Resistance or weight training is traditionally thought of as ‘male exercises’ and if you go to the weights session of your local gym, you’ll likely find a male dominated area with a random brave girl or 2 in between, usually me!
But research is telling us that weight training is just as important for women as for men in a well rounded fitness program. Such a program should be a combination of strength (weight) training to improve bone, joint function, bone density, muscle, tendon and ligament strength, as well as cardio or aerobic exercise to improve your heart and lung fitness and stretching or flexibility and balance exercises.
Women often shy away from weight training fearing that they will turn into something reminiscent of the hulk but trust me girls, it’s not going to happen! Women don’t produce the same amount of hormones as men to achieve big muscle gains. Learn more on why women should include resistance training by reading this article.
But what exactly is weight training…
Weight training (also know as resistance training and strength training) is a type of training that uses weights for resistance. This provides a stress on your muscles, which they adapt to over time and get stronger. Weight training can be performed in various ways for example with your own body weight, with dumbbells, barbells, kettle bells or weight machines. To see improvements you don’t even need to weight train for hours each week either, just a simple 20-30 minute routine on 2 or 3 days and your on your way.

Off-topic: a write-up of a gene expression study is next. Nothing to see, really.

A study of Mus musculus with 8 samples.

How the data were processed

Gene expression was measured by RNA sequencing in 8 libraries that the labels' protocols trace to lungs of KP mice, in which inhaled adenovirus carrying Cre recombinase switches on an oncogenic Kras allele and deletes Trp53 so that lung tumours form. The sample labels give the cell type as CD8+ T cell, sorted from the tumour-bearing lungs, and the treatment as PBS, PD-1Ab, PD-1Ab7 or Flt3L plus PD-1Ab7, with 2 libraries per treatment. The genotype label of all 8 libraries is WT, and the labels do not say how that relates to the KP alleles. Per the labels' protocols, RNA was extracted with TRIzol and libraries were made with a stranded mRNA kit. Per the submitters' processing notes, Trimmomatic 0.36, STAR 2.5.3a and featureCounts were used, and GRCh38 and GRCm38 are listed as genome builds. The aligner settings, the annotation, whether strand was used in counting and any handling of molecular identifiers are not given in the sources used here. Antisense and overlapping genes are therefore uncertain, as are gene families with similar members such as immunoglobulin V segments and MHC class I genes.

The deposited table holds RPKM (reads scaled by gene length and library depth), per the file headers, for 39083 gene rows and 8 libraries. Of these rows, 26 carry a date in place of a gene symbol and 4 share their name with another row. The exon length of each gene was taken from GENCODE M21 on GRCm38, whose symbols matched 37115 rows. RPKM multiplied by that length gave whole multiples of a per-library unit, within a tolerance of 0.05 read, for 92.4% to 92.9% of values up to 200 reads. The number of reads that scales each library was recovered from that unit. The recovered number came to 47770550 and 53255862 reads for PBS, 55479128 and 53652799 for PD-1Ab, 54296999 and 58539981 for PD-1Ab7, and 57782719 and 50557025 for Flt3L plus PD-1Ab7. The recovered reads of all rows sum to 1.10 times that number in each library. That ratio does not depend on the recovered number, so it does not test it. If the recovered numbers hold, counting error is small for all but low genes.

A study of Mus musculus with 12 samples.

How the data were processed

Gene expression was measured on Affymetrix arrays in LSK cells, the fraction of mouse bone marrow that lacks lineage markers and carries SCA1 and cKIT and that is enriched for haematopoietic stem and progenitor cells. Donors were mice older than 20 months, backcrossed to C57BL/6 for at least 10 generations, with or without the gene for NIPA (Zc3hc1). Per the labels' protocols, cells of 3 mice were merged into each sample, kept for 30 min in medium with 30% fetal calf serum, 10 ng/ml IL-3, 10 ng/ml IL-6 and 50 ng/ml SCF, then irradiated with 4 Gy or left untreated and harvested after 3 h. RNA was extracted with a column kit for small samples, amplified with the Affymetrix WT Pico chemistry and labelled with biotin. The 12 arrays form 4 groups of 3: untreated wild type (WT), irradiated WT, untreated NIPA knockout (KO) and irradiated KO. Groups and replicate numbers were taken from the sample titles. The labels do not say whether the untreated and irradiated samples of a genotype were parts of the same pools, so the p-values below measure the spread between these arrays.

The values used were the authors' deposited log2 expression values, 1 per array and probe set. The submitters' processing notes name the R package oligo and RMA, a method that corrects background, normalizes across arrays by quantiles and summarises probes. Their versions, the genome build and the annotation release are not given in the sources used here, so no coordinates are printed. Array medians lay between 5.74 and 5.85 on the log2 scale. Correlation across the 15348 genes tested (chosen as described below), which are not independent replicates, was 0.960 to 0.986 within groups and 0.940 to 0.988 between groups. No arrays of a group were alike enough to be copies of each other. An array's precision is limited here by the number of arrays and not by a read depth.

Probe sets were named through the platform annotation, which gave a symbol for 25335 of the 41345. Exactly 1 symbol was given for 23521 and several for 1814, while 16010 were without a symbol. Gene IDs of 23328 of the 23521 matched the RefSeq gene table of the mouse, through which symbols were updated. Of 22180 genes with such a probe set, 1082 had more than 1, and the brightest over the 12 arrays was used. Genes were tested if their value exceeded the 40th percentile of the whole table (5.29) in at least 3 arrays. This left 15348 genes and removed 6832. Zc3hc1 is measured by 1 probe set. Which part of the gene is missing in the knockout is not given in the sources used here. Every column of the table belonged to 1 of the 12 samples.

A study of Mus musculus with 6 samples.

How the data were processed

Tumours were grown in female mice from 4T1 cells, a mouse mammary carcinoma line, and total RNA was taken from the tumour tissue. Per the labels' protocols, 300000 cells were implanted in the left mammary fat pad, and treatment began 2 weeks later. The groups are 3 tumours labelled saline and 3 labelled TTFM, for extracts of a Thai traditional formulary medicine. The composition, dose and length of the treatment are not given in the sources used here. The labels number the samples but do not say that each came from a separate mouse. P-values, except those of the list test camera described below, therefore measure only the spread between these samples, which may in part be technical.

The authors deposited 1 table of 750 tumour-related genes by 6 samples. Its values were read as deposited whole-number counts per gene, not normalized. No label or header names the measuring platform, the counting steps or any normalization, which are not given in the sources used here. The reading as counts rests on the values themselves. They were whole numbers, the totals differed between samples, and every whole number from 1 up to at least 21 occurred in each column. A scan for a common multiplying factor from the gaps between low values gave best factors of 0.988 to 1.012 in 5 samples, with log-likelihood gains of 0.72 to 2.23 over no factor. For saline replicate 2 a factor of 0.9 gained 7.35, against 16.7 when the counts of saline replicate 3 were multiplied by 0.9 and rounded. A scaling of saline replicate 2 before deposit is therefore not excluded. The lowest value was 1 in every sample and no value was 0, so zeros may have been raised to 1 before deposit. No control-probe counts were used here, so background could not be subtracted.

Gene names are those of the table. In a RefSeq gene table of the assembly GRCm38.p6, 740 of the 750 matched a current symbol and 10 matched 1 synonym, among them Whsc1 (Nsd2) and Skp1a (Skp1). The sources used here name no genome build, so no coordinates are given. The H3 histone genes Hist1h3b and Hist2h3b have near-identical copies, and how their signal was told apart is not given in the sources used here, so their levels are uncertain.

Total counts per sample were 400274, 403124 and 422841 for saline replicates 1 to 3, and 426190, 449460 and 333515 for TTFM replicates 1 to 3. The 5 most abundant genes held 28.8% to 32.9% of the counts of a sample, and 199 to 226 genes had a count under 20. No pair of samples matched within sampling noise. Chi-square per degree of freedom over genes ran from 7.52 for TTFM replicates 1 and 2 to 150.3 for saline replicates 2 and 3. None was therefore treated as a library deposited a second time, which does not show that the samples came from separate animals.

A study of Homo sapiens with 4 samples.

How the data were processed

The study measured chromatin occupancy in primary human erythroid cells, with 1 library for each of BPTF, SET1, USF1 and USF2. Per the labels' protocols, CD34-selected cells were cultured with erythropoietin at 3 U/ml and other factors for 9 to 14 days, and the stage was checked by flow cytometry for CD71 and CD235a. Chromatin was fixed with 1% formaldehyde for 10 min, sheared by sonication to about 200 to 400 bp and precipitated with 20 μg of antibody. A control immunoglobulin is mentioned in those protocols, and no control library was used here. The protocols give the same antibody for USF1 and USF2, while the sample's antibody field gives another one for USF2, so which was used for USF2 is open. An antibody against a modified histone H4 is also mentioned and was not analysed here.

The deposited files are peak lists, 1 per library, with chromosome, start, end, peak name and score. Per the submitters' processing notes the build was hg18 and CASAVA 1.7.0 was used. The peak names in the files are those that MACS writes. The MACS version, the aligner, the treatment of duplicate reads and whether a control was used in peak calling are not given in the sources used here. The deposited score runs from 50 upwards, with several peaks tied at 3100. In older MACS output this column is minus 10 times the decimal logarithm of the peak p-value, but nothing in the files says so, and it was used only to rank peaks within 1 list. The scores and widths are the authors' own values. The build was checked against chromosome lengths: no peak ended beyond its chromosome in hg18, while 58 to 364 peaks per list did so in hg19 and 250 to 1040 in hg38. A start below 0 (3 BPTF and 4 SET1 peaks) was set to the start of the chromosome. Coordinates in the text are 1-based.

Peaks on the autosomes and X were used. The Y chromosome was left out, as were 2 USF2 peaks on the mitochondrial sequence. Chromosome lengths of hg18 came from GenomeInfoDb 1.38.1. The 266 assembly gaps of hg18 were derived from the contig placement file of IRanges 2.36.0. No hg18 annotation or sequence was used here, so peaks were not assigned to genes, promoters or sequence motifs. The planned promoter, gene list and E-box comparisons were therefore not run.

In general you want to train your whole body and there’s numerous ways to do this. Some people like to pick one or 2 muscle groups and focus on these only during their training session and then do other muscle groups on different days, while others like to do 1-2 muscles from all muscle groups at each training session. Totally your choice!
Here is a article I wrote that explains how to do some great bicep exercises: Best Biceps Exercises
As mentioned at the start of this article, we should try and include 3 types of exercise in our fitness plan; weight / resistance, cardio / aerobic and flexibility. Most people one or two of these types but not all 3, if that’s you look at the whole fitness picture and try and make time for the other types of exercises. If you’re not a big fan of them, start small and gradually increase until these exercises just become part of your routine.
Unsure how to incorporate weight training in your routine? Ask a personal trainer (like me) or exercise physiologist to help put a program together for you. I can put together a home based or gym based program using limited equipment to help get you started, click here to enquire.